Opioid alternatives increase risk of suicide

Increased use of non-opioid drugs may be contributing to rising suicide rates.

As doctors increasingly prescribe fewer opioids and instead give their patients non-opioid alternatives for chronic pain, research suggests that the non-opioids have deadly side effects of their own. A study concludes that non-opioids Gabapentin and Baclofen are fueling rising rates of suicides.

The study, published in the journal Clinical Toxicology, examined data from the U.S. Poison Centers for the National Poison Data System, focusing on cases involving Gabapentin between 2014 and 2017 and cases involving Baclofen between 2013 and 2017. In these time periods, according to the researchers, suicide attempts rose 80.5% among patients taking Gabapentin and 43% among patients taking Baclofen.

Around 50 million adults–roughly 20% of the U.S. population–suffers from chronic pain. Opioid drugs can relieve pain, but doctors have been steering away from them in the face of surging rates of opioid overdose deaths in recent years. Gabapentin, an anti-epileptic drug that also treats nerve pain; and Baclofen, a muscle relaxant and antispasmodic drug that relieves muscle spasms, pain, and stiffness, have gone into increased use as alternatives.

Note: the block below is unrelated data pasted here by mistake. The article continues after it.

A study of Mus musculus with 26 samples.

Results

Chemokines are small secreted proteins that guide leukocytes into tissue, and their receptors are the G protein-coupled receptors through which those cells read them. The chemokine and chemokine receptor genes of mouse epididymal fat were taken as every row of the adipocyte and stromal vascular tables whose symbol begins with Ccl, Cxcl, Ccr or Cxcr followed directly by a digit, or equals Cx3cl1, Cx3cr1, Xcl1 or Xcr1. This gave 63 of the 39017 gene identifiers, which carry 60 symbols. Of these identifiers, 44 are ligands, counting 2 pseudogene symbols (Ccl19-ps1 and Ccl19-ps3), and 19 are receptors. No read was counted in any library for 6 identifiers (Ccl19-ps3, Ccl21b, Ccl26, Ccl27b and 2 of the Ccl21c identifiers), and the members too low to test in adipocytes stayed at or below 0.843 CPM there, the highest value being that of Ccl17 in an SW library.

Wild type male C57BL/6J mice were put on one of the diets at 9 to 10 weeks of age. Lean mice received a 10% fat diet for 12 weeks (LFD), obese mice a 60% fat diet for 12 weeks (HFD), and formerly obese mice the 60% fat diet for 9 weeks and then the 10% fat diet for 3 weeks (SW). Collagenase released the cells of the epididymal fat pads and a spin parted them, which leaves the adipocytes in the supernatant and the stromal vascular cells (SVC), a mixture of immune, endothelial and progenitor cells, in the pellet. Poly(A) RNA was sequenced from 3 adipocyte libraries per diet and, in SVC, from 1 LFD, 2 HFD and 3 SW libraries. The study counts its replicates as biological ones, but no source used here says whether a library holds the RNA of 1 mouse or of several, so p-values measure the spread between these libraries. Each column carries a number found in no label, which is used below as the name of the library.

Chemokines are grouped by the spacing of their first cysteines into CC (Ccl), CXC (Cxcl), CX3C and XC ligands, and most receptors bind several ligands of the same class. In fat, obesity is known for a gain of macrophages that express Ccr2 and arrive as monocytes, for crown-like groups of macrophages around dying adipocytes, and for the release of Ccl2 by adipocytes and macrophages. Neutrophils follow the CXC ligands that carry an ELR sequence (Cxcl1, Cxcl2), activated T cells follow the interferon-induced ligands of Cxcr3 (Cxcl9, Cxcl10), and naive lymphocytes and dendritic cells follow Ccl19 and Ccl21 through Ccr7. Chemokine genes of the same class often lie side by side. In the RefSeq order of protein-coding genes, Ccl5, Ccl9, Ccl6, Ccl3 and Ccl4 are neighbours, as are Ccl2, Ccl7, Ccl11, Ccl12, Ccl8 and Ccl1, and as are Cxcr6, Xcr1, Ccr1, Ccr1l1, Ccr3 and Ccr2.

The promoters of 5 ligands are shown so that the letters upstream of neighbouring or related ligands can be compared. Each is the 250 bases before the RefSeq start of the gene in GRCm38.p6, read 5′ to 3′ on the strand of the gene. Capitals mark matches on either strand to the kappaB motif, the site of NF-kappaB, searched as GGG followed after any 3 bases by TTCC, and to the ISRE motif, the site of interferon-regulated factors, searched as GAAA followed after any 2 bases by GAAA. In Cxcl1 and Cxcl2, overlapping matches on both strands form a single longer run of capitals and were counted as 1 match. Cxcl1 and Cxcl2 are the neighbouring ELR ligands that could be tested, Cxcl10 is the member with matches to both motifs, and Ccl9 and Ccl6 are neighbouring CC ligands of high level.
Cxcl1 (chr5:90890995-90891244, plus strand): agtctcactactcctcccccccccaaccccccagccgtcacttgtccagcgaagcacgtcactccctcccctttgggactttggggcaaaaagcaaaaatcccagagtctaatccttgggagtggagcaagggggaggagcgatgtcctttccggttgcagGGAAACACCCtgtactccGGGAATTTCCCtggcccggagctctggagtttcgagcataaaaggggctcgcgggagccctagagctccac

Suicide rates in general have risen nationwide by 30% between 1999 and 2016, the study authors noted. They also pointed out that both drugs list sucidal thoughts as a potential side effect. The authors noted rising prescription rates for both drugs in recent years and cautioned doctors to weigh the potential dangers of these drugs, as well.

“Building a better understanding of the risks carried by these non-opioid medications is necessary so that providers and patients can make better-informed decisions about their role in pain management—and could also lead to the introduction of new public health measures,” said Kimberly Reynolds, a University of Pittsburgh researcher who led the study.